The Financial Conduct Authority (FCA) has serious concerns over the way the £7tn UK asset management sector operates. Therefore, in September 2017, the FCA made its first ever referral to the Competition and Markets Authority (CMA) in relation to what is formally called the "investment consultancy and fiduciary management services market" asking it to carry out a full investigation to ensure the market is operating competitively. This is a ground breaking step with potentially significant consequences for this market at home and even possibly for similar markets abroad.
Background to the First Referral
Asset managers manage the savings and pensions of the UK population and play an important role in the economic marketplace.
In November 2016, the FCA released their interim report on the asset management market, in which they announced that they had a variety of concerns. This was followed by a period of in depth consultation before the FCA's final report was released in June 2017. Only 3 months later, the FCA has used its power to make a market investigation referral because they consider "there are reasonable grounds to suspect that features of a financial services market prevent restrict or distort competition". In the case of investment consultancy and fiduciary management, the FCA concluded there are four key issues which they consider are relevant in respect of making a report to the CMA, which are:
- A weak demand side with pension trustees relying heavily on investment consultants but having limited ability to assess the quality of their advice or compare services with resulting low switch rates;
- Stability of the market - Relatively high levels of concentration and relatively stable market shares with the largest three firms together holding between 50-80% market share;
- Barriers to expansion restricting smaller, newer consultants from developing their business; and
- Vertically integrated business model - creating conflicts of interests.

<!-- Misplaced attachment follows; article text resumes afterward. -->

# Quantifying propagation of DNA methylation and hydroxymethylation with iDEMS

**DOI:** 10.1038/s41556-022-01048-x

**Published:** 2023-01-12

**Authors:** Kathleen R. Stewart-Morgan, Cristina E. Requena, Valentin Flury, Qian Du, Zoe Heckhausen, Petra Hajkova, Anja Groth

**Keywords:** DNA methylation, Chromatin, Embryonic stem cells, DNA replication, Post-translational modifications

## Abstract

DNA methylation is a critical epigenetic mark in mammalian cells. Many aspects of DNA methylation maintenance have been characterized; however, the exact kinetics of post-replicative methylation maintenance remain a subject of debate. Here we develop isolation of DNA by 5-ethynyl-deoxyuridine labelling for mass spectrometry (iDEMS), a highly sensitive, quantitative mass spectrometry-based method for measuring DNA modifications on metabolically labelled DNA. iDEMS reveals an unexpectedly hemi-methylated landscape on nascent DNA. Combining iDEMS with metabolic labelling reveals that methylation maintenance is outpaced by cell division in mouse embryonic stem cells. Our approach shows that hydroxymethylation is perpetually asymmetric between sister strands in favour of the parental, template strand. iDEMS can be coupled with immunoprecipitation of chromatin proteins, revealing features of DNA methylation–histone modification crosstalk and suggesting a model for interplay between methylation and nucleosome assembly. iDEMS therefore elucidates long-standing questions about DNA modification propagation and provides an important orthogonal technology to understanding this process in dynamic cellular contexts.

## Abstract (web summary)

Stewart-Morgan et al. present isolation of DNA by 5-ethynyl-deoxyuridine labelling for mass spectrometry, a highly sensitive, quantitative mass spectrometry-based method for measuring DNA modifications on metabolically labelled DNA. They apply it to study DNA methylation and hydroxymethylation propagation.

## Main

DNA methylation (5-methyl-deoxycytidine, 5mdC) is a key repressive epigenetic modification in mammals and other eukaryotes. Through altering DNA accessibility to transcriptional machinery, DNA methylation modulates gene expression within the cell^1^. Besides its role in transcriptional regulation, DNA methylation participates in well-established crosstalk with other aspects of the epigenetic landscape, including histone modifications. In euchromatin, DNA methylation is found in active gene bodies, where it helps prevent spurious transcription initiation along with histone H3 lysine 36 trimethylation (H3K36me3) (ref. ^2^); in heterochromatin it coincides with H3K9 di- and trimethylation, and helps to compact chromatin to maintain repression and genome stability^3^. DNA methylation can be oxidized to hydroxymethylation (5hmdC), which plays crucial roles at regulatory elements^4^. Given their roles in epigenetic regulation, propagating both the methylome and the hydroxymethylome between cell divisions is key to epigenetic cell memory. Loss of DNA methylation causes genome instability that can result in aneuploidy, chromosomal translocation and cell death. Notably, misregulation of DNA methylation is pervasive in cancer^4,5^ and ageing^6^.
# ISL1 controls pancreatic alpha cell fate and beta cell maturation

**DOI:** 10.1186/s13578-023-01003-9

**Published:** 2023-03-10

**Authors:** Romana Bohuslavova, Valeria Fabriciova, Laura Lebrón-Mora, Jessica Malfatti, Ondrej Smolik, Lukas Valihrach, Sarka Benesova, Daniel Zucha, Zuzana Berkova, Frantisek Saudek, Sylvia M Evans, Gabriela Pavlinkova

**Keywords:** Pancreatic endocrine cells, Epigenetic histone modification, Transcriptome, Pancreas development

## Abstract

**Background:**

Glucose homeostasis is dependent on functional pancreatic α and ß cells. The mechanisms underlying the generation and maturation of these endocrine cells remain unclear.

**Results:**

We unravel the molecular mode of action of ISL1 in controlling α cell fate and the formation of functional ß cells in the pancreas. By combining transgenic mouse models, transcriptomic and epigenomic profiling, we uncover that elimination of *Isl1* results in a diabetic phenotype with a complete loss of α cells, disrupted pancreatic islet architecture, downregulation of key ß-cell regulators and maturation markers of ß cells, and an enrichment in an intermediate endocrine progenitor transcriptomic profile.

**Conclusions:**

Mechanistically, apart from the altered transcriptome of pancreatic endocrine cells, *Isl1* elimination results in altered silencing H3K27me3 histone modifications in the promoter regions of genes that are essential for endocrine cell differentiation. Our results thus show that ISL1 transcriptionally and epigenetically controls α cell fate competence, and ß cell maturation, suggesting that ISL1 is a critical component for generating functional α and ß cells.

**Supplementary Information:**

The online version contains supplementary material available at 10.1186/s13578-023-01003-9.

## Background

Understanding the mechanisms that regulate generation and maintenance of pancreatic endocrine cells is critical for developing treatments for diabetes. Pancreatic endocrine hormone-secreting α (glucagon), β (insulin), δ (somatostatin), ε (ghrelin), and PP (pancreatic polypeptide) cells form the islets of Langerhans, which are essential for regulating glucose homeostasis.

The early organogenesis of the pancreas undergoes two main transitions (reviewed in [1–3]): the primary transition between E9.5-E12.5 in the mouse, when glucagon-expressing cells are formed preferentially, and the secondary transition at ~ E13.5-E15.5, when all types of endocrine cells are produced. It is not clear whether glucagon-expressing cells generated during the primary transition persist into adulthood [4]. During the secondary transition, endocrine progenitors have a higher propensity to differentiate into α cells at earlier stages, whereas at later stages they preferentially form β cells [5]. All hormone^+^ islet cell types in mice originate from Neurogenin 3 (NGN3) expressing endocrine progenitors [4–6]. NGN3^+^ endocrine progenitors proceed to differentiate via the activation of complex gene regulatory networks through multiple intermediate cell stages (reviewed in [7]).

In February 2017, the three biggest operators in this market had offered undertakings in lieu of the FCA referring the investment consultancy market to the CMA. Although the FCA say they welcomed the proposals on this occasion they were unsure that the proposals would satisfactorily remedy the issues the FCA had identified and therefore it decided a referral was necessary to ensure the market's proper competitive functioning.
As part of the CMA's independent investigation it will gather as much information as possible and for this purpose has already sent out questionnaires to companies active in the financial consultancy sector, including suppliers and customers. The CMA will now carry out an 18 month market investigation into the investment consultancy market to determine whether there are any adverse effects on competition in the sector.
The CMA should conclude the investigation by March 2019.
What this means going forward
The CMA's report can make recommendations to government, industry and regulators to improve the functioning of this market. Given the FCA's findings to date it seems likely this market will face some form of shake up when the CMA eventually reports. Assuming of course, that there is the political will to action those recommendations. Press coverage shows that similar markets elsewhere in the world are watching with interest what happens in the UK, as there may well be a knock on effect.
Finally, what no-one can say right now is whether this is a one off referral by the FCA or whether this is the start of a new direction of travel with the regulator becoming increasingly willing to make such referrals in the future.